Gary Genske for Progressive Dairy Published on 26 August 2021

For over four decades, our accounting firm has produced quarterly dairy farm cost average reports for our dairy clients and others to use for benchmarking and profitability improvement.

The accompanying illustrated average cost index is the preliminary report from 50 of our national clients’ average operating results, comparing 2021 first-quarter results with the preceding four calendar years.



National Dairy Financial Index


The first-quarter 2021 average cost index reflects a loss of $1.62 per hundredweight (cwt) and, when averaged with the other four years, all five periods show a combined net loss of 97 cents per cwt. This net loss for the last four-plus years is understandable when the constant increase in milk production each year is put into excessive Class III and IV products that cannot profitably be sold in world markets. The following graph comparing producers’ milk prices to the volume of milk products exported for the last 10 years convincingly illustrates the negative impact increased exports have had on producers’ milk check pay prices. A 45% increase in milk exports have yielded an average 20% decrease in producer pay prices over the last 10 years (see Figure 1).

Total exported milk solids/all milk price

Milk price

The greatest change in 2021 compared to 2020 is the milk price. The average cost index reflects a 2021 average milk price of $15.96 per cwt compared to the $17.16 per cwt milk price for 2020, a decline of $1.20 per cwt. With the illustrated total of expenses to operate a dairy farm well above $17 per cwt, plus the need for $1.33 for debt payments and an owner’s living allowance, dairy farmers will need about $19 per cwt paid to them for their milk to adequately cash flow their dairy farm operations.


Milk revenue is the largest single line item on dairy farmers’ profit/loss statements, but it is the operational obligation they spend the least amount of time working on. Co-ops handle about 85% of this nation’s milk and help non co-op handlers balance their privately owned plants. Properly administered using Capper-Volstead, a coordinated marketing plan among co-ops, who would seemingly have the ability to do so, could adopt and operate a plan to match the milk supply with profitable demand (from the producers’ prospective), thereby improving their co-op members’ milk price to sustainable levels and permanently keeping them there. If producers put quality time into this effort, it will be time well spent.

Feed costs

Dairy feed costs for the three months in 2021 have increased to $9.99 per cwt and represents 62.5% of the milk price. The previous four-year average feed cost percentage of milk prices was 51.5%. Therefore, feed costs as a percentage to milk price has increased by 11% this year.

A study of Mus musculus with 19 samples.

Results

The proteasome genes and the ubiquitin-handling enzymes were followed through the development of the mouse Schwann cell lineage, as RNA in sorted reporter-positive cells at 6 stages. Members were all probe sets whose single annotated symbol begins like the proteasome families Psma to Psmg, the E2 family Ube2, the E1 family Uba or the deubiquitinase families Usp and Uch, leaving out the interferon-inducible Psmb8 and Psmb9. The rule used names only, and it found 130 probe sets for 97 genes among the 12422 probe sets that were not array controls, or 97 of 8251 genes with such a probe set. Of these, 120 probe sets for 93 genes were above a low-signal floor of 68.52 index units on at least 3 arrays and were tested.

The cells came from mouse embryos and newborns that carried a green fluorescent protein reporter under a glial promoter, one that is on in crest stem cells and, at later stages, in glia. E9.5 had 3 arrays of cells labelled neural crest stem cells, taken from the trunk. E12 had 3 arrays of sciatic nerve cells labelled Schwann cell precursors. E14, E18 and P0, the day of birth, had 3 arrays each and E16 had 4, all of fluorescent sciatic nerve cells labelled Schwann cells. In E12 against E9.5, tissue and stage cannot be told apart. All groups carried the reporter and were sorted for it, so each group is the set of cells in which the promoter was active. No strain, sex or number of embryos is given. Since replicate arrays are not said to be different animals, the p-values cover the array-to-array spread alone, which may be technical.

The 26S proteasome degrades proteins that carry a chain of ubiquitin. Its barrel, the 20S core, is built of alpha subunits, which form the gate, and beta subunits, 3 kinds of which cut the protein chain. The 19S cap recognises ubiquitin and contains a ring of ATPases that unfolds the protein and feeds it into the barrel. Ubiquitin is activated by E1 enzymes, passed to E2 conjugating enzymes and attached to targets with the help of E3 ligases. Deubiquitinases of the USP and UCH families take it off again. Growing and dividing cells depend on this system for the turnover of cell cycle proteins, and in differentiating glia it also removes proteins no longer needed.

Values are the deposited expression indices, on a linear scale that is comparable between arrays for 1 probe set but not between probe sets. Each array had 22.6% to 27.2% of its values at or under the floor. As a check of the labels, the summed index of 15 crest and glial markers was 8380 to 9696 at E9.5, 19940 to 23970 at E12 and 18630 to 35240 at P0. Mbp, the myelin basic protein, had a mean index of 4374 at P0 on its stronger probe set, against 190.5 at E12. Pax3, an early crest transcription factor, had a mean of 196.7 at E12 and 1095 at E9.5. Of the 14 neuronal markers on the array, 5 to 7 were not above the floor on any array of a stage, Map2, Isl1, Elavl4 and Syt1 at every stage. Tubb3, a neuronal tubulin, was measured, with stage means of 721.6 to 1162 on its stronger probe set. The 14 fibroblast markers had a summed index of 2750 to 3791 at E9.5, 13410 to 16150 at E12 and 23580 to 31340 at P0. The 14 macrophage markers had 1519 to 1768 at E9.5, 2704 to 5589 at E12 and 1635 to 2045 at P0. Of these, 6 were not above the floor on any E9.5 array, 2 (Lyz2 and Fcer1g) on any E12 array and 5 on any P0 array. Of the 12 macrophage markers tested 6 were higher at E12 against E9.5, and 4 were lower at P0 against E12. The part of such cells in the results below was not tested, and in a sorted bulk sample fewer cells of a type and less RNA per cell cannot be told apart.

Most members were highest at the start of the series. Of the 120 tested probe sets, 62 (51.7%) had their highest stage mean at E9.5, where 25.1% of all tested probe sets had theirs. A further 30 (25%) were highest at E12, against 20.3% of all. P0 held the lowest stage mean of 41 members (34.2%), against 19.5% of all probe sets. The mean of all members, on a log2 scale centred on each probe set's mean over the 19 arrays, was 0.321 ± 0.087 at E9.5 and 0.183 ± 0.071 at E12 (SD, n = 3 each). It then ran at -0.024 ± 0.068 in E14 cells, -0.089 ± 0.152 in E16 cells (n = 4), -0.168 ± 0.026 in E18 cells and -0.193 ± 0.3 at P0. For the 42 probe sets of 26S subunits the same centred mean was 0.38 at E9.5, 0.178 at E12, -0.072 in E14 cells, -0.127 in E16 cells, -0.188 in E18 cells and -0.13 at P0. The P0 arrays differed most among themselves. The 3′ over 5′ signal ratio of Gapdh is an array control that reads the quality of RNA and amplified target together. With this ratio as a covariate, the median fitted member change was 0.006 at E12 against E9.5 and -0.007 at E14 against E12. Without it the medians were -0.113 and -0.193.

Another way to illustrate this feed cost increase is to compare the 2021 feed cost of $9.99 per cwt to the average of the previous four-year average of $8.69 per cwt. This results in a feed cost increase of $1.30 per cwt of milk for 2021.

With current drought conditions in the West, the dairy feed crops outlook appears grim, and feed costs are likely to continue to rise in 2021 and 2022.

Other operating costs

A. Interest rates – We hear every day about how the Federal Reserve will have to increase interest rates to slow the national inflation rate. Each quarter percentage of interest rate hike will translate into a 5-cent-per- cwt cost increase.

B. Labor – Many states have adopted overtime pay rules for agriculture workers. Not only will wage expenses continue to go up because workers are harder to find and they demand higher wages; they will now be paid for overtime work hours. Along with higher wages are the increased payroll tax and workers’ compensation insurance costs. These combined increasing costs will total about 25 cents per cwt.


C. Fuel – Fuel costs have increased 33% in 2021. Everything delivered to the dairy and shipped off the dairy will increase operating expenses by as much as 25 cents per cwt.

D. Herd replacement cost – The cost to raise heifers, considering increases in feed, interest, labor and fuel costs could add up to about a 20-cent-per- cwt added cost. This can translate into an increased cost to raise heifers by $100 to $150 per head.

The old saying, “Not everything that counts can be counted and not everything that can be counted counts” applies to the current dairy farmer financial crunch. We accountants can keep counting, summarizing and measuring a farm’s profit or loss, but this by itself will not make farms sustainable. What we count on is that our co-ops continually provide their producer members with sustainable milk prices. I am told that “milk price” is not on co-op meeting agendas. If it was, we would not be losing $2 per cwt as is the current situation. end mark

Gary Genske is a CPA with Genske Mulder & Company. Email Gary Genske.